Economic History Workshop | "Scientific Management and Social Peace: The International Labour Organization and the Dissemination of Taylorism in the Interwar Years"
"Scientific Management and Social Peace: The International Labour Organization and the Dissemination of Taylorism in the Interwar Years"
Bianca Centrone, Princeton University
This workshop will be offered exclusively in-person. Registration is required.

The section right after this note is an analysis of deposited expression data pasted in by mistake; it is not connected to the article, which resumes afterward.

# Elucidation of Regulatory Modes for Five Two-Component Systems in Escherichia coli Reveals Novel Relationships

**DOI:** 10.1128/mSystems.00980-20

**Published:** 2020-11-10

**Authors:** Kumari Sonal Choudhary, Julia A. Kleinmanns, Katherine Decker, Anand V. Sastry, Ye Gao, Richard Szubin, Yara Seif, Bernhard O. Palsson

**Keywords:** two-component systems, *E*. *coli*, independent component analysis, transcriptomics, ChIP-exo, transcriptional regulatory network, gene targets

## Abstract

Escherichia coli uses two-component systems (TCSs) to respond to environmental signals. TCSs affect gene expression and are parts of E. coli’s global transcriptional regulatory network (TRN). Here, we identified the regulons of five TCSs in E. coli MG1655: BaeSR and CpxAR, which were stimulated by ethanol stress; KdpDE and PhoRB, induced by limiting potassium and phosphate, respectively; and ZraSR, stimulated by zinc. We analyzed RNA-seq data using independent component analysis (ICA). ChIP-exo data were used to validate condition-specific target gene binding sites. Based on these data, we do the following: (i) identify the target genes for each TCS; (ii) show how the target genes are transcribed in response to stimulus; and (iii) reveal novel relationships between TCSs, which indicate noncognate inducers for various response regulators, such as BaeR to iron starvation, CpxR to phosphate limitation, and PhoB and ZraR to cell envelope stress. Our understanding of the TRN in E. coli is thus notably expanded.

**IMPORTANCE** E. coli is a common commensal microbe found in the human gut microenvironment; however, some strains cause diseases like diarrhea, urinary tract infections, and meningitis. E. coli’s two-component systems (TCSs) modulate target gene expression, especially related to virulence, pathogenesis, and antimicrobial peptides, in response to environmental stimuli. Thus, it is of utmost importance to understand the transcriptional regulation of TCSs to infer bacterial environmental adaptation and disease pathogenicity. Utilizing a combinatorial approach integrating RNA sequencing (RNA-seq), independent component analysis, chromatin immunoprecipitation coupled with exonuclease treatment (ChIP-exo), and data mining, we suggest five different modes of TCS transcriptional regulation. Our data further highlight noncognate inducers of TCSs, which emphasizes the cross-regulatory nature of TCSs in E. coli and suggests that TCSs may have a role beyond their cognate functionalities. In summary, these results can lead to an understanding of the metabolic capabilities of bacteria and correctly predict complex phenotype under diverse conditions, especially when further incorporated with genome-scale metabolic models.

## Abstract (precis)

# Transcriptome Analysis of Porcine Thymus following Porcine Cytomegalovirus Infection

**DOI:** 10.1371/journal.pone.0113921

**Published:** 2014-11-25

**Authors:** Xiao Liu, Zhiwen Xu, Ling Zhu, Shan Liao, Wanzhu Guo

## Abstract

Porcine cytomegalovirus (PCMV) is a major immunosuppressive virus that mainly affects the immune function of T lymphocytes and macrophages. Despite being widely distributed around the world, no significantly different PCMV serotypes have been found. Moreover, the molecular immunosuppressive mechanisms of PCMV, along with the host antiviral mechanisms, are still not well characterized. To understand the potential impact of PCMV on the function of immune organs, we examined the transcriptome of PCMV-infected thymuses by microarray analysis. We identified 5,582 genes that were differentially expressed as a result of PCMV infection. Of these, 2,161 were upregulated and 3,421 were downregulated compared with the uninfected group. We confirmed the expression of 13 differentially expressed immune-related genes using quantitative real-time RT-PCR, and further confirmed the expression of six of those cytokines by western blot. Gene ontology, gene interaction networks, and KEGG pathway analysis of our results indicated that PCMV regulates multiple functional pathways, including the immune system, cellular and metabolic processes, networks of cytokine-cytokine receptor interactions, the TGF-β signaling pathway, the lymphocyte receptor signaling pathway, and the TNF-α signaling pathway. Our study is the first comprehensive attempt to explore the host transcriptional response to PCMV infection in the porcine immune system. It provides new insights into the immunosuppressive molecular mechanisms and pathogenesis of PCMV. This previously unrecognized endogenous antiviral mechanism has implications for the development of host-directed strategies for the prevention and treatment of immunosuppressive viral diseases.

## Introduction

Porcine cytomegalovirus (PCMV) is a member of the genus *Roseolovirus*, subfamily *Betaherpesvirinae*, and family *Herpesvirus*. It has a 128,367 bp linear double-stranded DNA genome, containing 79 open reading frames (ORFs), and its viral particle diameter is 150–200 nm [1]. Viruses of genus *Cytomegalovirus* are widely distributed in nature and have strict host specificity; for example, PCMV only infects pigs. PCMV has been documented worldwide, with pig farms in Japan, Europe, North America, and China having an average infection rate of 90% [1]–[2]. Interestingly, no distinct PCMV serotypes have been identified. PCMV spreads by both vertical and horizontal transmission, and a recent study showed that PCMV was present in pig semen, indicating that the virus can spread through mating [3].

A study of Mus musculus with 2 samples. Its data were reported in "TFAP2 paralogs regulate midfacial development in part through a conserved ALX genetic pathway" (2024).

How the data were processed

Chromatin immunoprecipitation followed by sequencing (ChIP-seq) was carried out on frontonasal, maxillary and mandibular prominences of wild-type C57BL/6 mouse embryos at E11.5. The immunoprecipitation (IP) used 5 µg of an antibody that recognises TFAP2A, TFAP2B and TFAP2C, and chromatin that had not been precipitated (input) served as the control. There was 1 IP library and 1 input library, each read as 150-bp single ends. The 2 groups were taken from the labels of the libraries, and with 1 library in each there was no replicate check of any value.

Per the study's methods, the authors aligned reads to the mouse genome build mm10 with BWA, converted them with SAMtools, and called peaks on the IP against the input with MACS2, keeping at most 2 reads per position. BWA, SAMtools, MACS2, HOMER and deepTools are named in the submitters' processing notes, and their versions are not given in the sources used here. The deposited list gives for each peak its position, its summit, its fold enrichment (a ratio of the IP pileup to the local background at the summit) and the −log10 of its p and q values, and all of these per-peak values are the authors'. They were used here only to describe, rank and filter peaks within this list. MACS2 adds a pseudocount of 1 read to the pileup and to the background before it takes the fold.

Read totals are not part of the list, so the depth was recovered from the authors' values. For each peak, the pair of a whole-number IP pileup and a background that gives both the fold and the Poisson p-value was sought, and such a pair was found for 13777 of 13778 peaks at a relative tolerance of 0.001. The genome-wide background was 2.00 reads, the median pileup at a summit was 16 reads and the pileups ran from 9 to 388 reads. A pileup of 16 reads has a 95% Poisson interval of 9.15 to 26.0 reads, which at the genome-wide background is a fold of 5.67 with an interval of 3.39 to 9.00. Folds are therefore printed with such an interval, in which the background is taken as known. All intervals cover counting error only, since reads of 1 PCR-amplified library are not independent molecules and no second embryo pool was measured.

This presentation will explore the international dissemination of scientific management between the end of World War I and the early 1930s. The paper will observe how the gospel of management responded to fears about the ongoing crisis, as well as hopes for a future of national and international security and prosperity. Taking a step back from the study of the practical implementation of organizational strategies in industry, it looks at how a more indeterminate ideal of scientific management dominated post-war international pursuits of a wealthier and more just world. Following the end of WWI, scientific management became the locus of international scrutiny as the motor of American economic success. Governments and businesses began calling for international cooperation to spread management knowledge and practices, with the aim to reconstruct the industries and economies that had been torn apart by the war. The International Labor Organization and its first director Albert Thomas immediately endorsed, took over and further propagated these efforts. Scientific management promised increased outputs at lower costs for employers and higher wages for workers. Heightened productivity would result in a further threefold transformation: creating faster-growing economies; overcoming the split between capital and labor; and achieving international peace and security. Faith in the potential of business to guarantee the stabilization of economies and societies did not survive the blows of the Great Depression, giving way to a new enthusiasm for government planning. Politicians and economic thinkers turned their backs, but the web of personal and institutional connections and organizations had boosted the dissemination of knowledge of scientific management methods. Although management turned out not to be what the ILO had originally wanted it to be, its international advocacy achieved the success that it had coveted. And with the force of their economic potential as well as their social and political appeal, the new organizing strategies spread and took root, effectively shaping the future of industry for decades to come.